In addition to rare plants, nearly 186 species of birds live in or migrate through the preserve, including the bald eagle, peregrine falcon and swallow-tailed kite. Several species of snakes, including the Louisiana pine snake, and even a small population of alligators also can be found at Big Thicket.

Established by Congress in 1974, Big Thicket was the first preserve in the National Park System. It is also listed as one of the United Nations International Biosphere Reserves.

Big Thicket Gets Bigger

We have helped preserve nearly 33,000 acres at Big Thicket National Preserve. Most notably, The Conservation Fund made the largest donation in Big Thicket National Preserve’s history when, with our partners, we donated 6,600 acres of bottomland hardwood forest and cypress-tupelo swamp to the National Park Service in 2009. That same year, we helped Texas Parks and Wildlife double the size of Village Creek State Park with the addition of 1,500 acres. The park is located next to Big Thicket National Preserve’s Village Creek and Neches River Corridor units.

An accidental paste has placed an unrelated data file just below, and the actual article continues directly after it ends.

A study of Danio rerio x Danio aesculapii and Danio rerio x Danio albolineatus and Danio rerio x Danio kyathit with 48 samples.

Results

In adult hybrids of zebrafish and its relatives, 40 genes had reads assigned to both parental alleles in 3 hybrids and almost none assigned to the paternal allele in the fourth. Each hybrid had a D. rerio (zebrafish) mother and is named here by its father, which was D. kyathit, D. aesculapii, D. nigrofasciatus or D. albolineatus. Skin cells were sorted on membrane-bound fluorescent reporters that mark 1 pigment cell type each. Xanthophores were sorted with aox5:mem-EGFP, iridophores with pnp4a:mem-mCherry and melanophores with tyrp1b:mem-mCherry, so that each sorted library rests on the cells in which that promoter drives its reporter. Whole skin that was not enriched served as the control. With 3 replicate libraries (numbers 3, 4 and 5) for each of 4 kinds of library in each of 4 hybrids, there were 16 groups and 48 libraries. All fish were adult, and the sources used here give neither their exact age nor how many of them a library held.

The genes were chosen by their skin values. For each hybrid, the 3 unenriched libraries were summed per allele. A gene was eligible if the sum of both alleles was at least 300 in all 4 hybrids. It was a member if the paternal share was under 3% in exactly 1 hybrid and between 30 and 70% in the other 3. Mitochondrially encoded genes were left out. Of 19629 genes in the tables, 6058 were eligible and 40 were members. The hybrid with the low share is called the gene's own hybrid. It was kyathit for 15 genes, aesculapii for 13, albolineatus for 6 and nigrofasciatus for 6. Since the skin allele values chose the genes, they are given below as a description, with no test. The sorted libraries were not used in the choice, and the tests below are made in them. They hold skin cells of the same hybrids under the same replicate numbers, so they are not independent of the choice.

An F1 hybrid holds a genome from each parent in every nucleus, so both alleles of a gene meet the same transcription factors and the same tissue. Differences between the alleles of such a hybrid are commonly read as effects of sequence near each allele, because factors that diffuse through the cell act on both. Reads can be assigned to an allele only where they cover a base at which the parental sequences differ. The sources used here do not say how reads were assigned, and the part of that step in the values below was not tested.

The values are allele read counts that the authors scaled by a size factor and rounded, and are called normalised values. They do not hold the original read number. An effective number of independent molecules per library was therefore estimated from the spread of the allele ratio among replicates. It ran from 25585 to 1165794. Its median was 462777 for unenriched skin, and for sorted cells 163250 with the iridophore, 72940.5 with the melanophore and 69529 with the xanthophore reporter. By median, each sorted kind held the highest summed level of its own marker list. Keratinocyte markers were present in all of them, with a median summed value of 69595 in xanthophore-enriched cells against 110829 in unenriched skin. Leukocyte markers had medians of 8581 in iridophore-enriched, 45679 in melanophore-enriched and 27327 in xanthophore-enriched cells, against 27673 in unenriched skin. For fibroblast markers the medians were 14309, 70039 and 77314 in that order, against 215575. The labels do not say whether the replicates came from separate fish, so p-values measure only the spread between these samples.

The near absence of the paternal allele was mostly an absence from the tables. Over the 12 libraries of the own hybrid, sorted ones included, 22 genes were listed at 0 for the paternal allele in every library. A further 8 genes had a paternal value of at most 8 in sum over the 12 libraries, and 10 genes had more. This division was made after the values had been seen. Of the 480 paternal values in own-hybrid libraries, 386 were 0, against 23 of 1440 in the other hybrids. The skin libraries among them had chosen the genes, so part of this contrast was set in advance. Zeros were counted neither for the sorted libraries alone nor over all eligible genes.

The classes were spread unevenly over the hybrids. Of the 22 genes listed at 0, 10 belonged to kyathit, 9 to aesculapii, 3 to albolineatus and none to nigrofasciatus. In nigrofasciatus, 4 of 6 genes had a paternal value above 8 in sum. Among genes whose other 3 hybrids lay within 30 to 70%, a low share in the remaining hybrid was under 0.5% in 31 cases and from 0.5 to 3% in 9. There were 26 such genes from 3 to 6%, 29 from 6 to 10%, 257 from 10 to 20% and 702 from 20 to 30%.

Building on that success, in 2010 we helped the National Park Service purchase more than 4,000 acres of former Hancock Timber land. These purchases added more than 800 acres to the Canyonlands Unit of the preserve and more than 3,600 acres along Village Creek, which establishes a continuous habitat corridor for migratory waterfowl and songbirds and serves as a floodplain that will benefit the communities along Village Creek and the Neches River.

Why This Project Matters

Having largely been owned by timber companies for the past century, the Pineywoods region of east Texas, which includes Big Thicket and the Neches River, the last “wild” river in Texas, is a natural wonderland that the public rarely got to see. Due to changes in the industry, these timber companies have been selling their forestland, presenting unprecedented opportunities for landscape level conservation and public recreation. Our work in Big Thicket and the surrounding area is ongoing. In addition to land acquisition, we also run an ecotourism and economic development program for the region called the Pineywoods Experience, and we helped established Texas’ largest wetlands mitigation bank, the Pineywoods Mitigation Bank.